Putting First Things First: How Do You Juggle the Most Important Things in Life?

— Written By N.C. Cooperative Extension

Do you remember your 2011 New Years resolutions?  It feels like just yesterday we were reflecting the many things we wanted to do in 2011.  Ideally, we decided upon at least one thing we could do that would make a positive difference in our lives and made a commitment to make it happen.  Now that it is August, let’s all ask each other, how are we doing with our goals?   Many of us know what we need to do but face it, taking those first steps and keeping everything in motion is hard.

 

So how do you stay focused on doing what you really need or want to do for yourself and for your loved ones?  How do you keep the main thing the main thing?  In the book entitled First Things First, the authors suggest we begin by connecting with our vision and mission.  What does that mean?  We look at ourselves and say, “Is what I am about to invest time and energy in really important in the larger scheme of things?”  During our 7 Habits of Highly Effective People class, based on Stephen Covey’s book by that name, we talk about being so busy we don’t have time to analyze whether or not the gathering we are running to is really a part of who we are and what we are about.  Did we volunteer for something that we don’t have a passion for?  Are we recognizing when we say yes to one thing such as dinner with our family, we may need to say no to something else, such as an evening meeting – or vice versa?  Which do we value most and how do we achieve balance?

Another question to ask is:  What do we hope to accomplish in our lifetime?  If you’ve had a burning desire to take an extraordinary vacation and can’t find the time this year, then when?  First Things First challenges us to write down our future accomplishments and contributions and to put a check mark in the 20s, 30s, 40s, 50s, 60s, 70s, 80s or 90s box representing the decade you will make it happen.


“I can’t get around to exercising today.  I’m just too busy.”  Does that sound familiar?  We each have twenty- four hours in a day.  Why does it feel like some of us have more time than others?  Here is a better question:  Have you ever really looked at or logged how you spend your time?  People who have undergone this exercise usually find they are spending more time then they realized on ‘the minutiae’ as opposed to spending time doing the most important things.  Stephen Covey does a wonderful job explaining time management in his books. He brings light to the fact that the more time we can invest in important but not urgent activities (Q2 – see matrix) such as planning, prevention and relationship building opportunities, the more focused and effective we can become, that is what Covey identifies as, “necessity.”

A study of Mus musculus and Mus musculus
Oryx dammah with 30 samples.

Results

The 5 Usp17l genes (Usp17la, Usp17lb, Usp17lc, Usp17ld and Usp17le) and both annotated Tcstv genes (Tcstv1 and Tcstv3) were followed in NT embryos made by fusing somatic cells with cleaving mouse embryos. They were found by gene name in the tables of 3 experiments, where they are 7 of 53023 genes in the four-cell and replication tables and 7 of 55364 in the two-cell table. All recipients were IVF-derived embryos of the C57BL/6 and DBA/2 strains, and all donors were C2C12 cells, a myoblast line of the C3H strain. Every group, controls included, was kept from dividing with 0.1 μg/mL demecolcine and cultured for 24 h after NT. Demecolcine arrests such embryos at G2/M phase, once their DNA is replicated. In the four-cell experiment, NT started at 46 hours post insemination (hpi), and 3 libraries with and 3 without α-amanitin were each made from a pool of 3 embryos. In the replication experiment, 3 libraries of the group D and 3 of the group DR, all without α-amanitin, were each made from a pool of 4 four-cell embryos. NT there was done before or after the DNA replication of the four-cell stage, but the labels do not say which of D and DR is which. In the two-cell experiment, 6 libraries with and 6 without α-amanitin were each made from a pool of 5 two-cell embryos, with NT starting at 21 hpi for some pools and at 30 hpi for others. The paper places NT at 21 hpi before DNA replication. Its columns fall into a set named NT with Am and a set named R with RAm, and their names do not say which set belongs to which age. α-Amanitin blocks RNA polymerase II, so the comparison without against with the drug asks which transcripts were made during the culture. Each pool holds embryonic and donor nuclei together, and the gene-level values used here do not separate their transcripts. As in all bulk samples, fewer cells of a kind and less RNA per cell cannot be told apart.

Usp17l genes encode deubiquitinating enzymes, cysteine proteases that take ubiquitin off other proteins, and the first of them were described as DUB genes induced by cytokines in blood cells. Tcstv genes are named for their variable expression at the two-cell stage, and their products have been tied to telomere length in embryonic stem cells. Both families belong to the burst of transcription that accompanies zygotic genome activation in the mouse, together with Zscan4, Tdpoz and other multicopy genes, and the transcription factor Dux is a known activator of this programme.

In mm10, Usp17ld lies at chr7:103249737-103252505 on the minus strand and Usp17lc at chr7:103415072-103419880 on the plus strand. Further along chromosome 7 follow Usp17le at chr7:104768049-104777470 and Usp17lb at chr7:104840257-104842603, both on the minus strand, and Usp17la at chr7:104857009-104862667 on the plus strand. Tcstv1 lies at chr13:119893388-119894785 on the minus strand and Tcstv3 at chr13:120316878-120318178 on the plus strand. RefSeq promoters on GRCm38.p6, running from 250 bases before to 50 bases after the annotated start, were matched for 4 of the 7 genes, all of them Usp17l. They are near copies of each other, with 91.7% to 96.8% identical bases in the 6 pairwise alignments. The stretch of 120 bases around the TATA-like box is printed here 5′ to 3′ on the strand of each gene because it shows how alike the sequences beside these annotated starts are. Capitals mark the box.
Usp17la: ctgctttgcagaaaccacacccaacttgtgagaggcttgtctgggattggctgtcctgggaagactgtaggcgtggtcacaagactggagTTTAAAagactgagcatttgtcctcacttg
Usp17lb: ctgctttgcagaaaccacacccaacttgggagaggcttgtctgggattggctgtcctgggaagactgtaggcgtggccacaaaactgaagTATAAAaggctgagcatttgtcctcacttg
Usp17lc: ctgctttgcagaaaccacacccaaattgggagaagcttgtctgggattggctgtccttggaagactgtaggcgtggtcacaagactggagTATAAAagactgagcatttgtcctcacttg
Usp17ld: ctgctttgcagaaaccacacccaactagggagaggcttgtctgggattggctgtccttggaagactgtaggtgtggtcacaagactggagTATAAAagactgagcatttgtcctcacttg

Beware of time wasters.  Have you ever been to a meeting without an agenda, worked on a duplicate report or had an unexpected interruption that was not important but took a large portion of your time?  Covey refers to this trap as “deception” because it is time spent on things that are not important but that we deem urgent (Q3.)  A friend of mine recently told me she was addicted to social media.  She said she was spending more time online in ‘fantasy contact’ then in really living her life with others.  She wanted to get away from the television and surfing the internet (Q4), things that she self identified and Covey confirms may not be important and not urgent (waste) so she could invest in things that meant the most to her: building family relationships, fitness and furthering her education.

 

When you plan your week recognize the importance of identifying your roles and goals in the relationships that matter to you.  If you are a spouse, parent, friend, or employee, what is the most important thing you can do this week to make a difference in each role?  Some may want to schedule spending more ‘heart to heart’ time.  Others may want to block off time for taking action.  In fact, if it were your 80th birthday, what would you want people to say you were like?  How can you be your most ideal self?  For instance, in an ideal world, many decades from now your spouse might say you were the most patient, thoughtful, loving person he knew.  To fulfill this expectation, you might want to spend more time planting more thoughtful, loving activities into your relationship.

 

While you are at it, consider your ‘big rocks.’  What are big rocks:  The most important things in your life that might not necessarily be urgently banging down your door but are always there under the surface to nurture, build or manage and you value them to the point they shape your character and perspectives of your relationships.  Take a moment and imagine two empty jars.  These jars represent the time you have on this earth.  One is filled with little things, little rocks representing all of the small things in life that will happily take up your time.  The other jar is filled with big rocks, things that represent the most important aspects of life:  family, education, good health, big opportunities, service, key relationships and others.  Is it possible to fit both the big rocks and little rocks into one jar?  Yes, it is.  When you put the big rocks in first, the little things fall into place all around.  Time spent on doing the most important things and creating special memories are all worth it.  Just remember, most people say that at the end of their life no one ever wished they had spent more time at the office.  Keep first things first.

 

A special thanks to Holt Kornegay, a participant of the 7 Habits of Highly Effective People class and Franklin County Library Director, for his contributions to this article.